Capital Punishment and American Culture, 1820–1925

Examines literary and legal sources to document thoughts and feelings about capital punishment in the United States over the long nineteenth century.

Drawing from legal and extralegal discourse but focusing on imaginative literature, Literary Executions examines representations of, responses to, and arguments for and against the death penalty in the United States over the long nineteenth century. John Cyril Barton creates a generative dialogue between artistic relics and legal history. He looks to novels, short stories, poems, and creative nonfiction as well as legislative reports, trial transcripts, legal documents, newspaper and journal articles, treatises, and popular books (like The Record of Crimes, A Defence of Capital Punishment, and The Gallows, the Prison, and the Poor House), all of which were part of the debate over the death penalty.

Barton focuses on several canonical figures—James Fenimore Cooper, Nathaniel Hawthorne, Lydia Maria Child, Walt Whitman, Herman Melville, and Theodore Dreiser—and offers new readings of their work in light of the death penalty controversy. Barton also gives close attention to a host of then-popular-but-now-forgotten writers—particularly John Neal, Slidell MacKenzie, William Gilmore Simms, Sylvester Judd, and George Lippard—whose work helped shape or was shaped by the influential anti-gallows movement.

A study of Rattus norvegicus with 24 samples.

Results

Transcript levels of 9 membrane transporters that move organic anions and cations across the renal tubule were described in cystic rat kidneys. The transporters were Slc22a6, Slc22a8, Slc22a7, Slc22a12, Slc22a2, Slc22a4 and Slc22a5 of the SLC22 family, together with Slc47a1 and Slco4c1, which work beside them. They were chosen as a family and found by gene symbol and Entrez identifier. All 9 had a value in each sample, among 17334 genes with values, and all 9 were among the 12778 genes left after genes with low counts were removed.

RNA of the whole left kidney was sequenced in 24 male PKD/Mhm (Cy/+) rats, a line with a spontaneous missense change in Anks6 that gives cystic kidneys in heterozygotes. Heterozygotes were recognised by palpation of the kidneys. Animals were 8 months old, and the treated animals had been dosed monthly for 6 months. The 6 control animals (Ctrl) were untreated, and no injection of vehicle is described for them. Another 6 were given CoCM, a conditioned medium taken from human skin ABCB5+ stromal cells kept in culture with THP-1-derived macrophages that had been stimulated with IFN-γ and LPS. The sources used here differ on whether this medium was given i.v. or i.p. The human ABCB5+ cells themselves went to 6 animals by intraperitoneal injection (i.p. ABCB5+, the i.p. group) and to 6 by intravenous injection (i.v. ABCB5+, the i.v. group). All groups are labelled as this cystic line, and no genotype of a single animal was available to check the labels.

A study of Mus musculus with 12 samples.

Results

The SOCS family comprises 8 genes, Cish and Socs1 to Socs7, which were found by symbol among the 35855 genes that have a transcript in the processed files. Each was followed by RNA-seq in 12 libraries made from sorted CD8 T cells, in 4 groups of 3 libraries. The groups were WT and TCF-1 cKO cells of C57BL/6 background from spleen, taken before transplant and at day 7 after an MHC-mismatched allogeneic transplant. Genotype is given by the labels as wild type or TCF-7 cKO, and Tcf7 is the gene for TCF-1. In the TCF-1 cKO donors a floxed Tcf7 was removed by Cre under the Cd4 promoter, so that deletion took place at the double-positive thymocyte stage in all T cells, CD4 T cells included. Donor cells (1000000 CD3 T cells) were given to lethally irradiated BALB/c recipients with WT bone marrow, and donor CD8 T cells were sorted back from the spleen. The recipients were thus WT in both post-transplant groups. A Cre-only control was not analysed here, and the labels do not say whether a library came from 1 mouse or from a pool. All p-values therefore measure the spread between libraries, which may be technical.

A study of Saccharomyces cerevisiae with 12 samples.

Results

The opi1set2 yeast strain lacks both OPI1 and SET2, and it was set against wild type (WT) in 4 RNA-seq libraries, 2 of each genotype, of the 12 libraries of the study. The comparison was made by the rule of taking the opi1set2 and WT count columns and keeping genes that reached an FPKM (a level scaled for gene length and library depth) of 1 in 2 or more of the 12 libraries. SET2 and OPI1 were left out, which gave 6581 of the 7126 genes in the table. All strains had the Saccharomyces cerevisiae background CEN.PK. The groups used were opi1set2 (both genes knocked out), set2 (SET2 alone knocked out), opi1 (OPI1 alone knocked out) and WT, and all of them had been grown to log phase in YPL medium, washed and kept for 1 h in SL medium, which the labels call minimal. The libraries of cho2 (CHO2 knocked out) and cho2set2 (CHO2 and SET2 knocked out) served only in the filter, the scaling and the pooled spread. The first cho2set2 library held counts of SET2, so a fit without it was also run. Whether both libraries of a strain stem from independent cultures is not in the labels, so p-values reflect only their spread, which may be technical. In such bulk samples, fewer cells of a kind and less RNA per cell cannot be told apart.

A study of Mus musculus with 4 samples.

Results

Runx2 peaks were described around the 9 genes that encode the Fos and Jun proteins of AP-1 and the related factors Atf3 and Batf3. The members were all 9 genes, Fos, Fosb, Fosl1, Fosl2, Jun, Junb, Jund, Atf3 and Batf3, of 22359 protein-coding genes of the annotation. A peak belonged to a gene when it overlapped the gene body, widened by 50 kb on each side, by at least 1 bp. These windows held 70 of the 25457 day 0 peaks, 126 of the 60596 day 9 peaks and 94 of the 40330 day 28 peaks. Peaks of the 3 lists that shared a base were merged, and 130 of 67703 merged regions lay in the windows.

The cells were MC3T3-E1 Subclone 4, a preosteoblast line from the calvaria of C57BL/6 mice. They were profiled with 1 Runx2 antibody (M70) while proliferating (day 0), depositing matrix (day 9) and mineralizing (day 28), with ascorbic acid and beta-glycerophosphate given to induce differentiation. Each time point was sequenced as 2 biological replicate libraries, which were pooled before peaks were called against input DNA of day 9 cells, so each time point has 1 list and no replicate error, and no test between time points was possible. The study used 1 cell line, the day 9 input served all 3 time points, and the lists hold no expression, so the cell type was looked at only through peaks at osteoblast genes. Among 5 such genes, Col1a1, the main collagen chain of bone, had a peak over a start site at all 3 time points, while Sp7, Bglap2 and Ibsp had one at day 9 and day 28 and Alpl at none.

Analyzing the tension between sovereignty and social responsibility in a democratic republic, Barton argues that the high stakes of capital punishment dramatize the confrontation between the citizen-subject and sovereign authority in its starkest terms. In bringing together the social and the aesthetic, Barton shows how legal forms informed literary forms and traces the emergence of the modern State in terms of the administration of lawful death.

By engaging the politics and poetics of capital punishment, Literary Executions contends that the movement to abolish the death penalty in the United States should be seen as an important part of the context that brought about the flowering of the American Renaissance during the antebellum period and that influenced literature later in the nineteenth and early twentieth centuries.